The Hebrew Seventh Month

When are we?

According to the western calendar, today is September 16, 2023. For us the month of September is the ninth month, but for the Hebrews today is the beginning of their seventh month which they call Tishri, or Ethanim. Their first month (Nisan, or Abib) is in the spring which starts about the time of the spring equinox, and their seventh month is in the fall starting about the time of the autumnal equinox.

Tishri 1 is a very important day for the Hebrews because it is their New Year’s celebration known as Rosh Hashanah, or the Feast of Trumpets:

‘In the seventh month, on the first day of the month, you shall have a sabbath-rest, a memorial of blowing of trumpets, a holy convocation. You shall do no customary work on it; and you shall offer an offering made by fire to the LORD.’ ~Leviticus 23:24-25.

It seems odd that their New Year’s celebration is in their seventh month, but God specifically commanded them to consider Abib (March/April) to be their first month because that was the time of the Exodus (Exodus 12:1). However, Tishri is considered the civil new year, meaning it is when the reign of kings are counted from:

“There are four new years. The first of Nisan is a new year for kings and for festivals.” (Barclay, Joseph. The Talmud. Evinity Publishing Inc. Kindle Edition.)

This issue is discussed at length in the Babylonian Talmud, and in Leviticus 23 it is the only month that has a convocation that starts on the first of the month. This renders it especially significant.

The first day of Tishri, however, is not always on Sept. 16th. In 2022 it was on Sept. 26th, and in 2024 it will be on Oct. 3rd. The reason it shifts around is because Tishri 1 is determined by the first visibility of the new moon in the western sky at sunset, and it must be the new moon that is close to the autumnal equinox. Look for it tonight, if you can. I’m hoping the clouds will clear off here in Kansas.

In the photo below you will see the dates for the equinoxes and the solstices. The new moons near the vernal and autumnal equinoxes initiate the convocations listed in Leviticus 23.

The Hebrew calendar–and many other ancient cultures–based their calendar on lunar cycles. However, because there are only about 354 days in a lunar, twelve month period, and because there are about 365.25 days in a solar year, calendars will be off if we didn’t make corrections. In other words, it wouldn’t be long before the spring equinox would be in July instead March if adjustments weren’t made.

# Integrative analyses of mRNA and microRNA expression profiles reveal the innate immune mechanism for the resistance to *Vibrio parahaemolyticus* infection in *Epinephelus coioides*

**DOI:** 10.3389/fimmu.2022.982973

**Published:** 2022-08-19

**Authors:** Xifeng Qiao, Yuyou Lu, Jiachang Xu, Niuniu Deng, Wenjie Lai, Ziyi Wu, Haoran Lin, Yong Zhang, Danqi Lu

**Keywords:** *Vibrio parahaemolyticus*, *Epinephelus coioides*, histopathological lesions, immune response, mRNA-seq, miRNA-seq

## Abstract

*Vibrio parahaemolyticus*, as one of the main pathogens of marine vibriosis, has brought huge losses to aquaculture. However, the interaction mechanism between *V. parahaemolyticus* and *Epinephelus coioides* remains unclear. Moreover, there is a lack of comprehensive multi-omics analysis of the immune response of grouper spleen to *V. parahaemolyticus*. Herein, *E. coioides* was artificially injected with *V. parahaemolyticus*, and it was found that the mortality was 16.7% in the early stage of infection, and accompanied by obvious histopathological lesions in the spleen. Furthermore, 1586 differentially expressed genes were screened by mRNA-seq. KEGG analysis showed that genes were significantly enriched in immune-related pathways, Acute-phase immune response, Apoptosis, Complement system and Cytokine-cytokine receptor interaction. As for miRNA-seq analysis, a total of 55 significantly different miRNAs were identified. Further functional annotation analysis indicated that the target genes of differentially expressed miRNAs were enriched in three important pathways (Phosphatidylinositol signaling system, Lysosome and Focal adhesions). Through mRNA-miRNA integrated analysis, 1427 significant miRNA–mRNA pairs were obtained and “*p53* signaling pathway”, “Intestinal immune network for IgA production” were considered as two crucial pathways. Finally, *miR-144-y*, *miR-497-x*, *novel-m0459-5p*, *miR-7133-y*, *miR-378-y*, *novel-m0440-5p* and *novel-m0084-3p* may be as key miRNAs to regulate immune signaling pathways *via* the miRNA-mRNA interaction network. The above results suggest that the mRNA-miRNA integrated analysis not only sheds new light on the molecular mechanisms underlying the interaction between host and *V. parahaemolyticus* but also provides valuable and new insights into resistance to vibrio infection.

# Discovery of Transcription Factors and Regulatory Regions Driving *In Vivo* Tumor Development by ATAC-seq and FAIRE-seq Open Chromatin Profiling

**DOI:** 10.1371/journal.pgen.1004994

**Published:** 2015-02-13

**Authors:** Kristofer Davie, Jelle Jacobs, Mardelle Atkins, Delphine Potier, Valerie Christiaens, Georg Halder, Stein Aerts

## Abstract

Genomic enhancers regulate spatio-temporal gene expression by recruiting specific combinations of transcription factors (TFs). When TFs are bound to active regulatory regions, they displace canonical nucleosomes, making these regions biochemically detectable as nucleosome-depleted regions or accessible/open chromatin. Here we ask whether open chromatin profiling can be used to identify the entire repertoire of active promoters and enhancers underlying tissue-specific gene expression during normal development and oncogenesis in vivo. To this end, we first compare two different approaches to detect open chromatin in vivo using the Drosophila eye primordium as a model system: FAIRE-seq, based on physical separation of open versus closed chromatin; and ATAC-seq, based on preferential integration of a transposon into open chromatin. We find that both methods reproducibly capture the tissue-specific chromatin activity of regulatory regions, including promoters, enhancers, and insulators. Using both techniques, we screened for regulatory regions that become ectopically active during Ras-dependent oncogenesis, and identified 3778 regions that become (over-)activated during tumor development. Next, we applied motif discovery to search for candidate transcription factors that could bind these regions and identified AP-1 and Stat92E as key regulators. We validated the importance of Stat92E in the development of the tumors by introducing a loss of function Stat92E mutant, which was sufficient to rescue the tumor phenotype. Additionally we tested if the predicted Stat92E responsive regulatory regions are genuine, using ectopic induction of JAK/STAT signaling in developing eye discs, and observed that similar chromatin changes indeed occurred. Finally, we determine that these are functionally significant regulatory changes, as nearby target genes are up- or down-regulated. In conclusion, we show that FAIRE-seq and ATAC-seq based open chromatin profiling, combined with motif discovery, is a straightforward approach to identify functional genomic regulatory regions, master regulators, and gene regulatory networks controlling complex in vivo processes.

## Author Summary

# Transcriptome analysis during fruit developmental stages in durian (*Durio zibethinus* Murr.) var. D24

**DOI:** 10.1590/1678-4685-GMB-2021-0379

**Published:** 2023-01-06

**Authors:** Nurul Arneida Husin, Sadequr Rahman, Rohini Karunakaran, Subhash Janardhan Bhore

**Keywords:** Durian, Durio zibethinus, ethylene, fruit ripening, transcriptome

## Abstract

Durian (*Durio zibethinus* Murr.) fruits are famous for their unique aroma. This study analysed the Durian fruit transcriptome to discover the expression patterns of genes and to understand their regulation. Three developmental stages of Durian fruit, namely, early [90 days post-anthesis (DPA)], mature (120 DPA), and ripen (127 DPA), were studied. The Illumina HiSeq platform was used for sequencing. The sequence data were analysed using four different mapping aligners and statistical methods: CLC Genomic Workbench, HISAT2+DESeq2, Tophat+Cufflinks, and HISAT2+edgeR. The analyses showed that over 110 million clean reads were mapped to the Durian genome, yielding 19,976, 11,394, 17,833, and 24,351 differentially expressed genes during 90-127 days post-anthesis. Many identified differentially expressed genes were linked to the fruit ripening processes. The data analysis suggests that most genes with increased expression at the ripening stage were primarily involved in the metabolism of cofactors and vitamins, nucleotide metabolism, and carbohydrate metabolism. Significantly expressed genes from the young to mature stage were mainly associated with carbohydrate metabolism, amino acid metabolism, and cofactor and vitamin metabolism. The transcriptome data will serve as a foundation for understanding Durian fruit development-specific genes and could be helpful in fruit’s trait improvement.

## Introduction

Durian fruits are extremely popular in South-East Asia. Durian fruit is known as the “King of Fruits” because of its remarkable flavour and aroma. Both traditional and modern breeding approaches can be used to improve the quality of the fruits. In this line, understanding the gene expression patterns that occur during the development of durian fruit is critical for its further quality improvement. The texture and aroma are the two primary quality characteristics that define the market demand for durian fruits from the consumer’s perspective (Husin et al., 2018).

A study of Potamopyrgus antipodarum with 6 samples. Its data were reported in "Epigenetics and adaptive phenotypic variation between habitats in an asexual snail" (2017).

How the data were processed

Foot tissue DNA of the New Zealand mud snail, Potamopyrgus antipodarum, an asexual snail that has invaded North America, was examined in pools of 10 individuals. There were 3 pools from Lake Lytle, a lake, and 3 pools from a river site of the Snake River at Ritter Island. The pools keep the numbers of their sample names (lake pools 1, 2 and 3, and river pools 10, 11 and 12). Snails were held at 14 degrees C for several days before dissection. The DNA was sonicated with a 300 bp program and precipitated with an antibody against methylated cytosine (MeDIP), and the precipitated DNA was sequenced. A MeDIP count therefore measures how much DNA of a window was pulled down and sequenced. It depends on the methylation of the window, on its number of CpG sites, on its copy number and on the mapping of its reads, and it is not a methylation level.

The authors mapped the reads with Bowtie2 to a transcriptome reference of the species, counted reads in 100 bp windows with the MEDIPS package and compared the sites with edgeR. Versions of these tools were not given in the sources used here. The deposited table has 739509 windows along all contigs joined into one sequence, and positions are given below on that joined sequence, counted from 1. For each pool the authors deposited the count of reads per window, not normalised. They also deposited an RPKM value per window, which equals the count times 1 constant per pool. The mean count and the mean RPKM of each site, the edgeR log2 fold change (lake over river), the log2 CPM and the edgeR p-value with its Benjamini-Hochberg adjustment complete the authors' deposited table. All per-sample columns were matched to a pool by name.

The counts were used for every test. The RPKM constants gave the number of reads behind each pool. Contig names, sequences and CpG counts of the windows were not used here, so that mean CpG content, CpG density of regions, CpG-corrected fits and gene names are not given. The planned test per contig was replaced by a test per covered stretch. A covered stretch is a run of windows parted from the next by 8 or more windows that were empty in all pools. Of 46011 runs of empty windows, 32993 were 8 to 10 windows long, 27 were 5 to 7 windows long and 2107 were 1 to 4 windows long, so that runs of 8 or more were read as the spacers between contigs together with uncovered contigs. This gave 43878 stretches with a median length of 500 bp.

This is a big deal and it is important to understand that God commanded three convocations to be celebrated in the first month: Passover on Abib 14, which would be about the time of the full moon; the Feast of Unleavened Bread which lasts for a week and starts the day after Passover; and then the Feast of Firstfruits which would be 2 – 3 days after Passover. The next convocation doesn’t occur until fifty days later and it is called Pentecost. For us as Christians, we see that all of these convocations were pointing to Christ and his death. They had their historical roots in real events, but the Passover symbolically pointed to the crucifixion. The Feast of Unleavened Bread symbolically pointed to Christ’s purity and his forgiveness of sins, and the Feast of Firstfruits pointed to his resurrection.  Fifty days later, Pentecost pointed to the beginning of the Church when the spirit of God descended on his people.

It is the Hebrew seventh month, though, that I would like to highlight since today is Tishri 1 and trumpets will be blown at sunset around the world. Ten days from now will be the Day of Atonement, which is the most sacred day of the Jewish calendar, and then on 15th the Feast of Tabernacles begins. These convocations are just as rich with symbolism as the the ones in the spring, and traditionally evangelicals have made the case that the feasts of the seventh month point to the RETURN of Christ. 

However, what I suggest in my book 500 Year Journey, is that the fall convocations point to Christ’s FIRST coming, not to his second coming. This may seem like a radical idea, but there are some very good reasons to believe the fall convocations symbolically foreshadow the birth, circumcision, and life of Christ.

I go into much more depth in my book, but the essence of my argument is that there are typological connections which point to the incarnation that can be found throughout the Old Testament. One of those is when Nehemiah and Ezra dedicated the newly rebuilt wall in the Hebrew seventh month:

“Now all the people gathered together as one man in the open square that was in front of the Water Gate; and they told Ezra the scribe to bring the Book of the Law of Moses, which the LORD had commanded Israel. So Ezra the priest brought the Law before the assembly of men and women and all who could hear with understanding on the first day of the seventh month.” ~Nehemiah 8:1-2

The connections to our savior are beautiful to see and so I hope you will consider continuing to dig more deeply into these issues with me. I am going to continue to blog during this Hebrew month of Ethanim which starts tonight, and to unfold some of the symbols in each of the convocations which point us to incarnation of Christ our savior, the promised Messiah.

Blessings to you on this Day of Grace!